If the ambitious Grays Bay Road and Port project is ever built, the Kitikmeot Inuit Association will likely have to get the work done on its own.
That’s because the Government of Nunavut will now pull out of the project, following a decision by the federal government to reject a funding proposal that would have covered 75 percent of the project’s approximately CA$500-million price tag.
“I have full confidence that the Kitikmeot Inuit Association has the ability and vision to see this project through to its completion,” Joe Savikataaq, the Nunavut minister of Economic Development and Transportation, said yesterday in a terse news release announcing the GN’s pull-out.
The GN and the KIA “jointly agreed” that as of this month, the KIA will become “the sole proponent of the Grays Bay project in future NTCF [National Trade Corridors Fund] submissions,” the GN said.
A KIA-owned subsidiary company, the Nunavut Resource Corp., teamed up with the GN in 2016 to promote the Grays Bay scheme, bragging that it’s a “transformative project with significant national benefit that will help to define northern economic development throughout the 21st century.”
They sought money from the federal government’s National Trade Corridor Fund, which provides CA$2 billion over 11 years for transportation projects across the country.
In the Grays Bay proposal, the GN and the KIA pitched a 227-kilometer (141-mile) all-weather road running from the site of the defunct Jericho mine, which is located at the northern end of the Tibbit-Contwoyto winter road, to a deep sea port at Grays Bay on Coronation Gulf.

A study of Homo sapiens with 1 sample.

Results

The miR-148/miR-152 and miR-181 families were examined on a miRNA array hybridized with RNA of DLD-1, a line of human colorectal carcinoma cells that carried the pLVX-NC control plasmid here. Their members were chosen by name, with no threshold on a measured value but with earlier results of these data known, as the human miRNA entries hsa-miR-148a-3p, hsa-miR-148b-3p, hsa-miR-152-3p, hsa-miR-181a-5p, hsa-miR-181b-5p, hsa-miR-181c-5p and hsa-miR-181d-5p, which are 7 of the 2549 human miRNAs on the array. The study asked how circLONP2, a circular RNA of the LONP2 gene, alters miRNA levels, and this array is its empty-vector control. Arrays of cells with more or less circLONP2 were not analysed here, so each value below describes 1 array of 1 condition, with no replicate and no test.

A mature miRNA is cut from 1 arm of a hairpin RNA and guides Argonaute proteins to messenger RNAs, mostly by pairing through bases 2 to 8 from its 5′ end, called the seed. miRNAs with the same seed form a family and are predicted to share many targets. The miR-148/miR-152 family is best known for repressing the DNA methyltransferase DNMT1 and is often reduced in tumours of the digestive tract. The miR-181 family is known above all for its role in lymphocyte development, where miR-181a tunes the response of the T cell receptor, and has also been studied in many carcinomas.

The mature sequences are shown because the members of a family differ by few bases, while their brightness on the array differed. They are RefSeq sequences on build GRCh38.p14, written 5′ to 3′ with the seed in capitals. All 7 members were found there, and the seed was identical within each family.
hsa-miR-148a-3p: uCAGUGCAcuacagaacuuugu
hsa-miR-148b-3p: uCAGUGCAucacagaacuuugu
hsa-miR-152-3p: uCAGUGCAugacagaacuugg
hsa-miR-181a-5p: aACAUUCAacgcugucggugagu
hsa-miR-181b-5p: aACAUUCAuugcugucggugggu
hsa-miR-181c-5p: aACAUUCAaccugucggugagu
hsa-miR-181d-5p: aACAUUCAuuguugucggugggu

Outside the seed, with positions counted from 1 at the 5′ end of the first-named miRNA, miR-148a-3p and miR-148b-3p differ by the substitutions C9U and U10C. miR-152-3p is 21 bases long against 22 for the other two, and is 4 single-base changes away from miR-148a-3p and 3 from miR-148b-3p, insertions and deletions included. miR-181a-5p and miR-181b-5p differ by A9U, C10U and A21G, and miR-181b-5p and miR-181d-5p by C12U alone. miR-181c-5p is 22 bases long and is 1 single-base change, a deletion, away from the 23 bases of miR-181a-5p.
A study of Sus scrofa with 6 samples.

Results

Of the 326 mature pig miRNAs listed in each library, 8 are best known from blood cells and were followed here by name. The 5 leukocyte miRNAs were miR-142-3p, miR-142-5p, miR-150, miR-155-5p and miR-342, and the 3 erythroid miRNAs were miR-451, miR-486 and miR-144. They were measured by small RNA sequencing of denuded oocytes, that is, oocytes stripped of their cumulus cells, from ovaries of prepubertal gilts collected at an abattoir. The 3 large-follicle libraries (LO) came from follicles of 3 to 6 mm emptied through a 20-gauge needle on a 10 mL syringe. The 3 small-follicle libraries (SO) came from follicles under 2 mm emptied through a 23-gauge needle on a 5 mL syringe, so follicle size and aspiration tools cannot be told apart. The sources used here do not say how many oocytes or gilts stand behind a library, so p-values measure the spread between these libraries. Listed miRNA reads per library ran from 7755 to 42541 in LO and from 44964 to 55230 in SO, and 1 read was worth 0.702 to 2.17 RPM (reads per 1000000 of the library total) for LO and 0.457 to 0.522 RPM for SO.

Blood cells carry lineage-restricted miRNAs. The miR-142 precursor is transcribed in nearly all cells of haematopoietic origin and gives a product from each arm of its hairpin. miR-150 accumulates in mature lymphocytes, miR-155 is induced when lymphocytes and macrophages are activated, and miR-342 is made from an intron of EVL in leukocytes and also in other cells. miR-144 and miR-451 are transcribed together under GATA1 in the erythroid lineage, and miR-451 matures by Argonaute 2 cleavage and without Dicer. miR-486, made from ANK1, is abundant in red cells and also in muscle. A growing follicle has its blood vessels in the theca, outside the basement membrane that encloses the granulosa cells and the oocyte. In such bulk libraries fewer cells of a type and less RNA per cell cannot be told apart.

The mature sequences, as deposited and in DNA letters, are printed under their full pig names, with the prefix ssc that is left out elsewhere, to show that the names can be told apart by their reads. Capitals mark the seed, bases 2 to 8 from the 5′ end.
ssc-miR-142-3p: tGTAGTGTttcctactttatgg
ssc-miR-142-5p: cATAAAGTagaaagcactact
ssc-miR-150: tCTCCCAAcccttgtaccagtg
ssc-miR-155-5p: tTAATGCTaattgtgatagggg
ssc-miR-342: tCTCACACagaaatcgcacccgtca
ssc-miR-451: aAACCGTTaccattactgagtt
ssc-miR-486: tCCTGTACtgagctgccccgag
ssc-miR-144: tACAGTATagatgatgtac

That would provide access to valuable mineral properties in the western Kitikmeot, especially the rich zinc, lead, copper and silver properties, worth at least CA$10 billion, controlled by MMG Ltd. at High Lake and nearby Izok Lake.
MMG, however, has said it’s not economically feasible for them to develop those potential mine sites and build a transportation system on its own.
As a result, those properties have been mothballed since 2013, when the company suspended its environmental assessment application with the Nunavut Impact Review Board.
And MMG Canada’s president Sahba Safavi told Nunatsiaq News this past August that unless a transportation system in the region is funded, they won’t move on the project.
“Until the project is considered economic and the infrastructure issue is resolved, we cannot advance to the next step, which would be revising our project proposal—and which is a crucial step before re-initiating the regulatory approval process,” Safavi said last year.
“Should funding for the GBRP be approved, we would work with the Government of Nunavut, the KIA, regulators and local communities, so that we can begin the process of revising our project proposal.”
For its part, the GN said it continues to support the project in principle, “and will monitor developments of the GBRP and provide support where applicable.”
The GN has spent at least $2 million on Grays Bay already, to pay for permitting activities.
This past January, Northern Affairs Minister Carolyn Bennett, following a screening recommendation from the NIRB, ordered a full environmental assessment of the project, with public hearings.
That assessment is still in its early stages. The NIRB is still working on figuring out the scope of the draft environmental impact statement that the KIA will have to provide before regulators can take a close look at the project’s social and environmental impacts.
Any delay in building Grays Bay casts a dark cloud over a long-sought-after dream in the Northwest Territories: a road from Yellowknife to the Arctic coast.
A second phase of the Grays Bay road, not part of the current proposal, would run from Jericho south to the Nunavut-N.W.T. border, where it would connect with a road to Yellowknife that the GNWT hopes to build one day.
An economic assessment of the project done for the Nunavut Resource Corp. by Impact Economics of Yellowknife, estimates the Grays Bay price tag at $527 million.
But the study also said the project could become “a potential watershed” for Nunavut, because it would unlock known mineral resources that have been stranded for decades.